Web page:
Land Rover has just unveiled a revamped version of its best-selling SUV, the Discovery Sport. With almost half a million of them sold over the last three years, getting the latest iteration right is a crucial task for the carmaker, which is now trying to woo potential buyers with a slightly sportier design, more space inside, and new powertrains that include mild hybrid and plug-in hybrid options. Priced from £31,575 (P2.09 million) in the UK, it promises to be a roomier and more rugged sibling of the latest Range Rover Evoque, with which it shares its underpinnings via the brand’s Premium Transverse Architecture platform.
There are no experiments on the design side, with the general appearance (including the trademark clamshell hood) being largely the same except for some minor nips and tucks. In human terms, you could say the Disco Sport got some Botox, with the front bumper now looking slightly smoother and the air intake a tiny bit larger. The rear has been reshaped and now features different light units, but all in all it’s still instantly recognizable as a Land Rover. One that is still a 5+2-seater with 40:20:40 split-folding second-row seats that, according to the firm, now enable 24 possible interior configurations. There’s plenty of space for luggage: 1,179L with the rear seats up and 1,794L with them down.
A host of new features have been added to keep everyone safe and entertained. For starters, the car now comes with a smart rearview mirror that uses a camera to project a high-definition video onto the mirror’s screen if the view through the cabin is otherwise blocked. It also has ClearSight ground view fitted, a feature that projects a virtual 180° view from beneath the vehicle onto a screen in the cabin, essentially making the hood invisible and helping drivers in avoiding obstacles. Then there’s wireless charging for smartphones, a 4G hotspot and a new infotainment system featuring Apple CarPlay and Android Auto to cure boredom on long trips.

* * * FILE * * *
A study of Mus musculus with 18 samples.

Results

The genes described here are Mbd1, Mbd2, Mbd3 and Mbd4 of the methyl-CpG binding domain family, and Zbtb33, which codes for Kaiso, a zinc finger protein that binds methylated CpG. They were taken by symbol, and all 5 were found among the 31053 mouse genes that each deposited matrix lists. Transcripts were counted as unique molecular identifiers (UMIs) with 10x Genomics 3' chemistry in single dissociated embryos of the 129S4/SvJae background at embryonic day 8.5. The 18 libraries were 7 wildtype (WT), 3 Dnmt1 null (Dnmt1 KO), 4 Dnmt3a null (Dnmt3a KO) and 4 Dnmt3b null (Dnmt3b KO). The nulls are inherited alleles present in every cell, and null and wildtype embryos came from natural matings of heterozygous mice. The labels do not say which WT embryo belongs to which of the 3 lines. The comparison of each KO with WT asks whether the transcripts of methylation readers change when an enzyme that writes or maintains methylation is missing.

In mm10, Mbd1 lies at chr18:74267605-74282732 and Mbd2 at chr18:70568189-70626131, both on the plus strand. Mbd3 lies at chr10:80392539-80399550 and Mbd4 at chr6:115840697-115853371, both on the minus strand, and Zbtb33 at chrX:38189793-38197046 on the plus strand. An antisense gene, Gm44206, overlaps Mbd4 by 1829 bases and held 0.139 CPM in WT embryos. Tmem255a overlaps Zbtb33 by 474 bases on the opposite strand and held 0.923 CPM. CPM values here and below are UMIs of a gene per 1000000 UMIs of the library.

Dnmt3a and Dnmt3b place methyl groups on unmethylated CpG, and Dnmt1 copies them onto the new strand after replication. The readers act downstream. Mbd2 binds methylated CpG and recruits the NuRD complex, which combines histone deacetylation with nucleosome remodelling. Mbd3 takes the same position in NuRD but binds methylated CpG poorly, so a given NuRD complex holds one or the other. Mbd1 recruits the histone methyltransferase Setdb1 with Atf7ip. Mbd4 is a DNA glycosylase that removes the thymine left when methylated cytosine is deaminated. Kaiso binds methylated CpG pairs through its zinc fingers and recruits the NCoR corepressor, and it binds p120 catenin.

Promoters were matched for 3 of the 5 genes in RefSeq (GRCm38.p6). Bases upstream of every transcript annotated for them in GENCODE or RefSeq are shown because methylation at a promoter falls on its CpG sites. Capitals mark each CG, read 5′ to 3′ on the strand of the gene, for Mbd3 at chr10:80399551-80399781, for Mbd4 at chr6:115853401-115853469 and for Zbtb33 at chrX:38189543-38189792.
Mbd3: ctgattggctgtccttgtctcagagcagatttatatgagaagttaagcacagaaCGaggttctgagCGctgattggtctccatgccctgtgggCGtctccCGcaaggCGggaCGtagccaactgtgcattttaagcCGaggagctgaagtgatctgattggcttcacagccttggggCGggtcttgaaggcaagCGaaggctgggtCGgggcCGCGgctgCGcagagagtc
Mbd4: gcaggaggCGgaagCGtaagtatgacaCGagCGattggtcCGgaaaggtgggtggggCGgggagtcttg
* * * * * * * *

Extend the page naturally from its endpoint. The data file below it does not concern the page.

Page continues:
The entry-level version comes with a 150hp diesel engine, front-wheel drive and a manual transmission, while a 200hp/48V mild hybrid petrol unit is also available from launch. A three-cylinder Ingenium plug-in hybrid will follow later this year, and all AWD models will feature Driveline Disconnect to save fuel by only powering two wheels when you’re cruising down the highway. In case you want to really go off-road, the new Terrain Response 2 system, an approach angle of 25° and a wading depth of 600mm are on hand to help. Finally, the Discovery Sport can tow up to 2,000kg and also comes with a range of driver-assistance programs to keep it shiny side up.
All in all, it’s a gentle refresh with some new electric goodies thrown in, and all signs point toward the model’s stellar sales record staying intact.